The reconstituted coalition government led by Prime Minister Juha Sipilä survived its first confidence vote in Parliament Tuesday afternoon. The coalition — which now comprises Sipilä’s Centre Party, the National Coalition Party led by Finance Minister Petteri Orpo and the breakaway Finns Party faction Blue Reform — won the support of 104 MPs, while 85 opposed it.

Äänestystaulu eduskunnan täysistunnossa 20. kesäkuuta
Äänestystaulu eduskunnan täysistunnossa 20. kesäkuuta. Image: Markku Ulander / Lehtikuva

Prime Minister Juha Sipilä’s refashioned government coalition faced — and passed — its first test of Parliamentary support Tuesday afternoon when it confortably won a confidence vote by MPs. Overall, 104 lawmakers voted to support the newly-reconstituted government, while 85 voted against backing it.

The coalition now comprises Sipilä’s Centre Party, Finance Minister Petteri Orpo's National Coalition Party and a breakaway faction of the Finns Party, previously known as the New Alternative and sporting the fresh moniker Blue Reform.

Former Finns Party member and Speaker Maria Lohela did not vote because of her role. Ten MPs were not present for the vote and there were no abstentions.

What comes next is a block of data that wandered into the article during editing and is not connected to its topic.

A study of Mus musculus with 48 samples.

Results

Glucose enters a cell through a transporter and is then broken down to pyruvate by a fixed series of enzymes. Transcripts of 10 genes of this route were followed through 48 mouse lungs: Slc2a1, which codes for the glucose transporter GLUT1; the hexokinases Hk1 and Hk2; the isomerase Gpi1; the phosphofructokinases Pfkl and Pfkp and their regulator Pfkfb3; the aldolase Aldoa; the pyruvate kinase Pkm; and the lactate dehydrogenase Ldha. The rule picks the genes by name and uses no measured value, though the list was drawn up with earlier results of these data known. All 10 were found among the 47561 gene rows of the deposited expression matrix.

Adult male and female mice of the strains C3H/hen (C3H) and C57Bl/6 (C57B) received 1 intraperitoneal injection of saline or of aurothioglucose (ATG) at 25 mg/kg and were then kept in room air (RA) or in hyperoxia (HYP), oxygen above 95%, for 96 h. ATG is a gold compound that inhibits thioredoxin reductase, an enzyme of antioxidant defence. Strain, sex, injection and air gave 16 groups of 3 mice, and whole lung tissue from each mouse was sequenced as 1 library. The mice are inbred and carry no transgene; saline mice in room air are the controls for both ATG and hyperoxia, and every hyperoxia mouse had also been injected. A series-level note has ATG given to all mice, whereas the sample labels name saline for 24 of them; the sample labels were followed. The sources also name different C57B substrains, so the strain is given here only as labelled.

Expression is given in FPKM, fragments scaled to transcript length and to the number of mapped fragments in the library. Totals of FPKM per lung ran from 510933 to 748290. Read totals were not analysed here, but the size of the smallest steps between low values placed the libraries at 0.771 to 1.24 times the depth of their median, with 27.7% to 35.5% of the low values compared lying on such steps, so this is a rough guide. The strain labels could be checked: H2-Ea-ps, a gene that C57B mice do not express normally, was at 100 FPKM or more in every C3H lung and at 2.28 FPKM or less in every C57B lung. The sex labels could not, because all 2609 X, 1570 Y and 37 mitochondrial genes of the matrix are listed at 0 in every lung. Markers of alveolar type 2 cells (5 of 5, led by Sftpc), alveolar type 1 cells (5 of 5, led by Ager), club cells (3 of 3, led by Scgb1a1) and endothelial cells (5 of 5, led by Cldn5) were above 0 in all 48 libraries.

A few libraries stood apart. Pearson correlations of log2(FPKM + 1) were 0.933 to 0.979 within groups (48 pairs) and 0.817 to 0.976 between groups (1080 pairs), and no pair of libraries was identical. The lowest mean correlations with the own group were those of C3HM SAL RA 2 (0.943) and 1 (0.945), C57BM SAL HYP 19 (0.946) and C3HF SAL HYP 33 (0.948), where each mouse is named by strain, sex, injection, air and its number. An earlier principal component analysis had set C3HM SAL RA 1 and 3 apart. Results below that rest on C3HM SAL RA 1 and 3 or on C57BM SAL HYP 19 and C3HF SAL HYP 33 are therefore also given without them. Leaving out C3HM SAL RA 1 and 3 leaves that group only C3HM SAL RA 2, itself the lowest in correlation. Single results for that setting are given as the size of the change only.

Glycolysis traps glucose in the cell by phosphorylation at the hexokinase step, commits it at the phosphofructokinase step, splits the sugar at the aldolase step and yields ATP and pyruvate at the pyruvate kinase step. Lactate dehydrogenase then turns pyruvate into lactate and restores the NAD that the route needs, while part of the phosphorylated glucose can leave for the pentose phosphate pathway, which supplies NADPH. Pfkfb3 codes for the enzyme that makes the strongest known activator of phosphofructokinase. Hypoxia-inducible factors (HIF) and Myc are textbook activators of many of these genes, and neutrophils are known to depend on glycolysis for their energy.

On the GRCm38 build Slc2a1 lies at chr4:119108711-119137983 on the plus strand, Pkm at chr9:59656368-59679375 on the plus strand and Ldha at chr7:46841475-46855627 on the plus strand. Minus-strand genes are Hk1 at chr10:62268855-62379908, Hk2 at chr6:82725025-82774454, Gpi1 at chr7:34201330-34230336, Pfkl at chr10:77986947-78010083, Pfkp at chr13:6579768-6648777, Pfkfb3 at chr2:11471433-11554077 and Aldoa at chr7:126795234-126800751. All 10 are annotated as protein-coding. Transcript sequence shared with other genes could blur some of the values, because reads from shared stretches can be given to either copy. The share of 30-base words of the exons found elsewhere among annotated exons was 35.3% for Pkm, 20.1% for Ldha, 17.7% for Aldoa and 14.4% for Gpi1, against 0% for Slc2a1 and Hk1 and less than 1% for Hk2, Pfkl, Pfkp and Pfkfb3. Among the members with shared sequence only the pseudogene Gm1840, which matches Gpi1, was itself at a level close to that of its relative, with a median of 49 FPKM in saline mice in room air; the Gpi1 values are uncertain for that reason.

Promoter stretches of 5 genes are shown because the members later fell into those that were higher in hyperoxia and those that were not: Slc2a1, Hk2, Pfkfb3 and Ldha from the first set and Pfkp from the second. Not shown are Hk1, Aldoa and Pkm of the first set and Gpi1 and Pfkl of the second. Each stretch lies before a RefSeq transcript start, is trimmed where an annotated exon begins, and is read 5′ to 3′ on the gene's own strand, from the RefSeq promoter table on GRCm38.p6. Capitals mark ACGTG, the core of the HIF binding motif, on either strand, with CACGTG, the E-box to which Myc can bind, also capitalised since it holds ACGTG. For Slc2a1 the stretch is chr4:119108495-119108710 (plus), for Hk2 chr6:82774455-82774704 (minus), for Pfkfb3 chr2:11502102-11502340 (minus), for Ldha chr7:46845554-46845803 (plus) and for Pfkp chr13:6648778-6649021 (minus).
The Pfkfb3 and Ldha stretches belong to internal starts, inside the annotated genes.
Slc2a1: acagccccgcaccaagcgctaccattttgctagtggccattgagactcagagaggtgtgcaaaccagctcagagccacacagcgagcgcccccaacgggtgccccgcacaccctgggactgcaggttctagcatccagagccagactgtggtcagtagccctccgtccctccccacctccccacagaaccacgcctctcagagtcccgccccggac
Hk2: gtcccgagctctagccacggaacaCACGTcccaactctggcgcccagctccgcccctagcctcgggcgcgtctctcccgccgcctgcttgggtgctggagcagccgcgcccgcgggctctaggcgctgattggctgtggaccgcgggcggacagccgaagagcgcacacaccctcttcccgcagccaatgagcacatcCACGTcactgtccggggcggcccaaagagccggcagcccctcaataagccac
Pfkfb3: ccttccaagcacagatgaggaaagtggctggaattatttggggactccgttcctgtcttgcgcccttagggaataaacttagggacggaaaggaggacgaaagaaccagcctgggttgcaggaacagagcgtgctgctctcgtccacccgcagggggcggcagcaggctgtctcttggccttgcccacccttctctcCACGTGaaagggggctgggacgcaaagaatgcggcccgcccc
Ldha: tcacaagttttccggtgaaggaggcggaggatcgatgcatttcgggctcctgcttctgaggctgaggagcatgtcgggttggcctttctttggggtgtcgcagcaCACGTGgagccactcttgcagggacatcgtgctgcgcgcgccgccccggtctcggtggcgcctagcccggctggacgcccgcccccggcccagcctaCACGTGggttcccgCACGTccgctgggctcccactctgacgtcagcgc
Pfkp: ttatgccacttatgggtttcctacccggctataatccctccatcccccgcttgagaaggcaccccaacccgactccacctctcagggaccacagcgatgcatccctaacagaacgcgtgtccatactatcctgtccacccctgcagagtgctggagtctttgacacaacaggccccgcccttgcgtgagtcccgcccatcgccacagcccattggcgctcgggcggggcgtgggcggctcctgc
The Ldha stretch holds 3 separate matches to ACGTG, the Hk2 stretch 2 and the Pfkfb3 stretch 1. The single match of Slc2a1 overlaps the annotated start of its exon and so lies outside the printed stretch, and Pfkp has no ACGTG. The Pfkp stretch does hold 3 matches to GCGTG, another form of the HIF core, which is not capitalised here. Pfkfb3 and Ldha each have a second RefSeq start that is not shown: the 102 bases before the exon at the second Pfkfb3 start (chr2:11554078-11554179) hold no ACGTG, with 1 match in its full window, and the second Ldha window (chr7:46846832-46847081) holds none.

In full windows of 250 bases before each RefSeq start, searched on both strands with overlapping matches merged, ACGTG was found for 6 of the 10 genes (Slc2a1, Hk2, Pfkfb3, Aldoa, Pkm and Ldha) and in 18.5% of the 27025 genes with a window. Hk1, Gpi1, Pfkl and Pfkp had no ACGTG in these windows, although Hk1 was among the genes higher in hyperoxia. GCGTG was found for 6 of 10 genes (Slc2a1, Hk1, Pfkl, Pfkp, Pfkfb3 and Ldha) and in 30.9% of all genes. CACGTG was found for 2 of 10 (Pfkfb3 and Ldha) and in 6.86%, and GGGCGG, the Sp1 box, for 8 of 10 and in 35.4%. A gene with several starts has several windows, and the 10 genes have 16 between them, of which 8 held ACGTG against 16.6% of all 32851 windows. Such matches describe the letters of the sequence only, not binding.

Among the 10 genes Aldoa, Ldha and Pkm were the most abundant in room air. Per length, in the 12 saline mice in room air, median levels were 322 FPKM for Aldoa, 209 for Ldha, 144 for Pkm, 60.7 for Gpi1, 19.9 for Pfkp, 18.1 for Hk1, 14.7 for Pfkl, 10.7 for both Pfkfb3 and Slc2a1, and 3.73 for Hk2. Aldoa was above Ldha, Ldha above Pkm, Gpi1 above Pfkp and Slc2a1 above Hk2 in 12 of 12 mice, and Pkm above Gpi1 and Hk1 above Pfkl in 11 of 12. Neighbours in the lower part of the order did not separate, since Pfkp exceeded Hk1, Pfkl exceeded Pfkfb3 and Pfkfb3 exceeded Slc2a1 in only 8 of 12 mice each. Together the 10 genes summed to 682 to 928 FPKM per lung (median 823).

Lawmakers form the governing coalition who were absent from the vote were Foreign Trade and Development Minister Kai Mykkänen of the NCP, as well as Centre Party MP Aila Paloniemi.

New departure from Finns Party

Meanwhile Finns Party MP Veera Ruoho quit the nationalist party’s parliamentary group just before the vote and sided with the government on the confidence motion.

Arja Juvonen, another Finns Party MP who had previously left the parliamentary group but did not join the splinter group voted against the governing coalition.

On Monday MPs engaged in heated debate over the formation of the new government. The plenary session was the first since a decision by Sipilä and Orpo to partner with the Blue Reform parliamentarians to form a new coalition.

Last Monday, the leaders of the Centre and National Coalition parties announced that they would not be part of a coalition with a Finns Party led by anti-immigration hardliner Jussi Halla-aho.

The new division of MPs in the Parliament gives Sipilä a majority of 106 votes (the Speaker does not vote), while the Finns Party defections have reduced its representation to 15.